Felice Matteucci


Felice Matteucci (February 12, 1808 – September 13, 1887) was an Italian hydraulic engineer who co-invented an internal combustion engine with Eugenio Barsanti. Their patent request was granted in London on June 12, 1854, and published in London's Morning Journal under the title "Specification of Eugene Barsanti and Felix Matteucci, Obtaining Motive Power by the Explosion of Gases", as documented by the Fondazione Barsanti e Matteucci.[1][2]

Born in Lucca, Tuscany. Matteucci studied hydraulic and mechanical engineering, first in Paris, then later in Florence. In 1851 he met Father Barsanti and appreciated his ideas for a new type of engine. They worked together to turn the primary concept into a manufacturable item, eventually developing a model that was suitable for mass production. Its construction was entrusted to Bauer & Co. of Milan, a company also known as Helvetica, which delivered the motor at the beginning of 1863.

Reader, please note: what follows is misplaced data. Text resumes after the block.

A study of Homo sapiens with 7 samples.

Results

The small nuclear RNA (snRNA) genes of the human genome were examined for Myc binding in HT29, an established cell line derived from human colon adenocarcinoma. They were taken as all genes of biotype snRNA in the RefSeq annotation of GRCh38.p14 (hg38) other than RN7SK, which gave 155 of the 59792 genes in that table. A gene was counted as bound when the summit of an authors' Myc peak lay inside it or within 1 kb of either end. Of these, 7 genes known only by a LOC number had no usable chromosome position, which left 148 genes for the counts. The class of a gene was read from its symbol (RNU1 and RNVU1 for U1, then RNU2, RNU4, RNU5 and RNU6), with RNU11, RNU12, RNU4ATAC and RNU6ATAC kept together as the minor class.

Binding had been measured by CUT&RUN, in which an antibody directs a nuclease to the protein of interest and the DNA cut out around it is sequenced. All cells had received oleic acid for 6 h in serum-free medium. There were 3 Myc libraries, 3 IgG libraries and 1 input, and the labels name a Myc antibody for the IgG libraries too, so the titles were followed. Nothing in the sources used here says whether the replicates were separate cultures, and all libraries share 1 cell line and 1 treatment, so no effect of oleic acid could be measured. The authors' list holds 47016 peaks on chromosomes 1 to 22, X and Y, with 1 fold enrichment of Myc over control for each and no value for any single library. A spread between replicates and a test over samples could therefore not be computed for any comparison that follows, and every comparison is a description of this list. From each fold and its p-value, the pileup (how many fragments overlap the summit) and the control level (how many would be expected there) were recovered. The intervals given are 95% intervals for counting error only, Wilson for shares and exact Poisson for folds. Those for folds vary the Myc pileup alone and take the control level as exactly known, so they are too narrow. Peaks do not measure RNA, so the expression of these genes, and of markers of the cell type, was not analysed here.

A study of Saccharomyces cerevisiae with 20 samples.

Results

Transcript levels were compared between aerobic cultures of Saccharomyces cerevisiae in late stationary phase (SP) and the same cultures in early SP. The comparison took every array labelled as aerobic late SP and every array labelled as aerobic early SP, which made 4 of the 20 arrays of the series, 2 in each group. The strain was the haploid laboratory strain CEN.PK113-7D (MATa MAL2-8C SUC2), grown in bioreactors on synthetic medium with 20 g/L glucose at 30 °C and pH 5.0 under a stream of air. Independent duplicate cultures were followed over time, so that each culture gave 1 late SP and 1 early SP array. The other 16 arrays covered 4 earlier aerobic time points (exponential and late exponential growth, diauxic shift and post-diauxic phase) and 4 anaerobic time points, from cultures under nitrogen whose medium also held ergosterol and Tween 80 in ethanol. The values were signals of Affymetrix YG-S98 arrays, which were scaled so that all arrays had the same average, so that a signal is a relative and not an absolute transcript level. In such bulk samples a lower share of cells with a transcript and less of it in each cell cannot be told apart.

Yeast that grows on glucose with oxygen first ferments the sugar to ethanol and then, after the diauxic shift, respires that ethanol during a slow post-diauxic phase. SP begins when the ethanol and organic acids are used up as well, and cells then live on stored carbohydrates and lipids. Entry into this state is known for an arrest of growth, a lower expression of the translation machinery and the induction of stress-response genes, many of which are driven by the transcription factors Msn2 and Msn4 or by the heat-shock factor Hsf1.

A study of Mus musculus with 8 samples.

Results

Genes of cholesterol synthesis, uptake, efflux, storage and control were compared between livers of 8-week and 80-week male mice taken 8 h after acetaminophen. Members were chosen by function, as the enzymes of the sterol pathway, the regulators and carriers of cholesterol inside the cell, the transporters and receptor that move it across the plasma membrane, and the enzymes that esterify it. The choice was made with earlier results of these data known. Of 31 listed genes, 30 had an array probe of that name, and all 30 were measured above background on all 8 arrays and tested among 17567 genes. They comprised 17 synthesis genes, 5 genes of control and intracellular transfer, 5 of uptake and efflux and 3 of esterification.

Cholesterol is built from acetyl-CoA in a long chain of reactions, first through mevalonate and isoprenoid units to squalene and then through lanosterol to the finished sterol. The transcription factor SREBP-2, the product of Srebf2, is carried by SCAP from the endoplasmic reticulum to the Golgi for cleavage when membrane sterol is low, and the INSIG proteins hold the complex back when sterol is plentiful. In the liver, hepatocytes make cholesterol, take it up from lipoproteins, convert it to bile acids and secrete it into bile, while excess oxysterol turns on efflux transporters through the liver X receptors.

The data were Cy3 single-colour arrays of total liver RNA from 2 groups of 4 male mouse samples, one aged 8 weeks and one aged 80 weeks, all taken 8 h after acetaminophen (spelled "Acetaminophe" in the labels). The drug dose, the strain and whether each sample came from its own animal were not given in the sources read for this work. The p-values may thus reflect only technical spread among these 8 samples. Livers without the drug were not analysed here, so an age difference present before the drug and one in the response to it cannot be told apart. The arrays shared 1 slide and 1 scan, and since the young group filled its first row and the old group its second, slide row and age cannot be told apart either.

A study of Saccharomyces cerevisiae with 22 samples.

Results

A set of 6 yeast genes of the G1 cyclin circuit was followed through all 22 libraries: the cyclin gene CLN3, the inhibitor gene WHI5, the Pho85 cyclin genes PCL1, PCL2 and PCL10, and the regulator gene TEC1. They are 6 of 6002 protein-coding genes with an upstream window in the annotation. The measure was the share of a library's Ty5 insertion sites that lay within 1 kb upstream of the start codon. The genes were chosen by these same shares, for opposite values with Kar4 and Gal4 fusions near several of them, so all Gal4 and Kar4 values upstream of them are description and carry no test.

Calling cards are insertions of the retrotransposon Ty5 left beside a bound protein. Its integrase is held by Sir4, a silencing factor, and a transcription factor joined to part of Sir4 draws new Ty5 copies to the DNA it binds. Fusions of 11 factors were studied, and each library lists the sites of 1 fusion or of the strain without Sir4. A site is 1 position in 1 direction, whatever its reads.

The success of the engine, which was much more efficient that the steam-engine, was so great that orders started pouring in from as far away as Constantinople. Matteucci and Barsanti reached an agreement for the production of the motor with a company in Belgium, and Barsanti departed for Belgium on February 18, 1864 to oversee the work personally. But on the following April 19 he died suddenly, and all their work came to an end.

Matteucci returned to his previous work as a hydraulic engineer. He studied new hydrometers (to measure the level of a river), rain gauges, and hydraulic operations over rivers.

In 1877 Matteucci argued that he and his partner Barsanti were the originators of the invention of the internal combustion engine. The patent registered by Nikolaus August Otto was very similar to the Barsanti-Matteucci design. This frustration contributed to the illness that eventually caused Matteucci's death, in his own home in Capannori, near Lucca.

Many documents concerning the patents of Barsanti and Matteucci’s new motor in England, Piedmont, France, Belgium and Prussia are now kept in the archive of the library of the Museo Galileo in Florence. [3]


  1. ^ [1]
  2. ^ "La documentazione essenziale per l'attribuzione della scoperta". "A later request was presented to the Patent Office of the Reign of Piedmont, under No. 700 of Volume VII of that Office. The text of this patent request is not available, only a photo of the table containing a drawing of the engine. This may have been either a new patent or an extension of a patent granted three days earlier, on 30 December 1857, at Turin." 
  3. ^ "Summary of the documents concerning Barsanti and Matteucci’s new motor patent".